You may have noticed more and more dogs are now wearing harnesses when they go off on adventures - but why are they wearing them? Are they better than other pieces of equipment? Are certain harnesses better than others? Let's find out!
Should I be using a harness?
Harnesses can be a brilliant tool to use when walking and training your dog, and I would genuinely recommend that every dog (unless they have certain health conditions) would benefit from wearing one. There are a few reasons for this:
They save the neck from excess pressure
If your dog pulls (and, let's be honest, most dogs do at some point), then a harness allows their weight to be evenly distributed across their chest and shoulders. This reduces or even eliminates the force going across the front of their neck, which is what happens with just a collar, saving them from potential injury to their trachea and oesophagus, plus any of the muscles along the front of the throat.
They're harder to get out of
Some dogs are masters at wriggling out of their collars and running off, restraint-free. A harness offers an extra level of protection, as it's harder to slip out of, with your pup needing to wrangle their arms out of it, as well as their head. Some harnesses even offer longline versions with an extra strap, making it even harder to escape from, such as the Ruffwear Flagline.
They offer an extra attachment point
If your dog is a known escape artist, try pairing a double ended lead with a harness and a collar - if they slip out of one piece of equipment, you still have the other in place to finish your walk safely.
What are the different types of harness available?
Y-front harnesses are the ones that quite literally look like a 'Y' when you look at them straight-on. They have two pieces that come down, one on either side of the neck, meeting at a strap that goes along the chest, in between the two front legs. It will then wrap up, behind the dog's elbows, to meet the back-piece behind the shoulder blades. All of the harnesses we stock at YDC are Y-fronted harnesses as these promote better movement for your dog, reducing their chances of developing musculoskeletal issues as they get older. You can check out our range of Y-fronted harnesses here.
Bar-front harnesses, also known as Norwegian harnesses, are missing this central chest strap, instead having one strap that goes horizontally across the dog's chest. This piece then meets a strap that goes from behind the elbows, straight up to the shoulder blades. A common example of these are the Julius K-9 harnesses.
Whilst popular, these harnesses can cause issues for dogs that pull. This is because, when tightened over the chest, they restrict the full movement of your dog's forelimbs, which can lead to tension, soreness, and other muscoloskeletal issues, which can go on to cause other problems such as reactivity and digestive issues.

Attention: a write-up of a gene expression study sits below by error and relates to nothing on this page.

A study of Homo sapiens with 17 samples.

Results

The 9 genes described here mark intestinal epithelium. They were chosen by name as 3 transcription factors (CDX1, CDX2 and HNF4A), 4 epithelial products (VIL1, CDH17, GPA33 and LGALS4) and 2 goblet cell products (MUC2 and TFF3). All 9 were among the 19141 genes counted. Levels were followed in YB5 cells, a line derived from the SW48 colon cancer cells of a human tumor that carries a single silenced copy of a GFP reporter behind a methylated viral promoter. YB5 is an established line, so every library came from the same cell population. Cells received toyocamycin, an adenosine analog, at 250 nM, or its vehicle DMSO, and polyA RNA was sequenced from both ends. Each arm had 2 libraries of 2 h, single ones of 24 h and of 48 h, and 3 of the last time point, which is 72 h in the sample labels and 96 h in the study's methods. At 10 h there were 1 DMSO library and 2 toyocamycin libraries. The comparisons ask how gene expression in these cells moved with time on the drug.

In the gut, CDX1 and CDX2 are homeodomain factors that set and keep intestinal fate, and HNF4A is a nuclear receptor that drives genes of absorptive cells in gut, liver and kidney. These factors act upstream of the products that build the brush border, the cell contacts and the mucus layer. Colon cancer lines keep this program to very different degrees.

These can, however, be a good option if your dog never pulls on-lead. It just needs to be fitted correctly, with a loose front strap.
A no-pull harness works by constricting as your dog pulls. You can usually tell them apart because the join of all the straps, at the dog's shoulder, is not fixed, allowing the straps to shorten and lengthen as the dog moves. This makes the act of pulling very uncomfortable, or even painful for your dog.
Whilst this is likely to stop the pulling, it sacrifices your dog's comfort and well-being, and may well impact negatively upon your relationship.
What harnesses are the best to use?
Without a doubt, Y-front! A fixed, well-fitted, Y-front harness, such as the Ruffwear Front Range, will allow any force your dog exerts on it to be evenly spread across the strongest, most resilient part of their body - their chest. It won't cause any harm, and will give you more confidence when out exploring.
The Ruffwear harnesses also offer two points of attachment, which is incredibly useful if your dog is a bit of a steam train on-lead. Paired with a double-ended lead, you can attach one end to the back and one end to the chest. You can then direct most of the pressure your dog creates through their back, and apply a small amount of pressure to the front to 'steer' them. This is a brilliant addition to training loose lead walking if your dog doesn't tend to connect with you on a walk.
If you need a hand choosing a harness, or finding the perfect fit for your dog, drop us a line at firstname.lastname@example.org, and we'll be more than happy to help.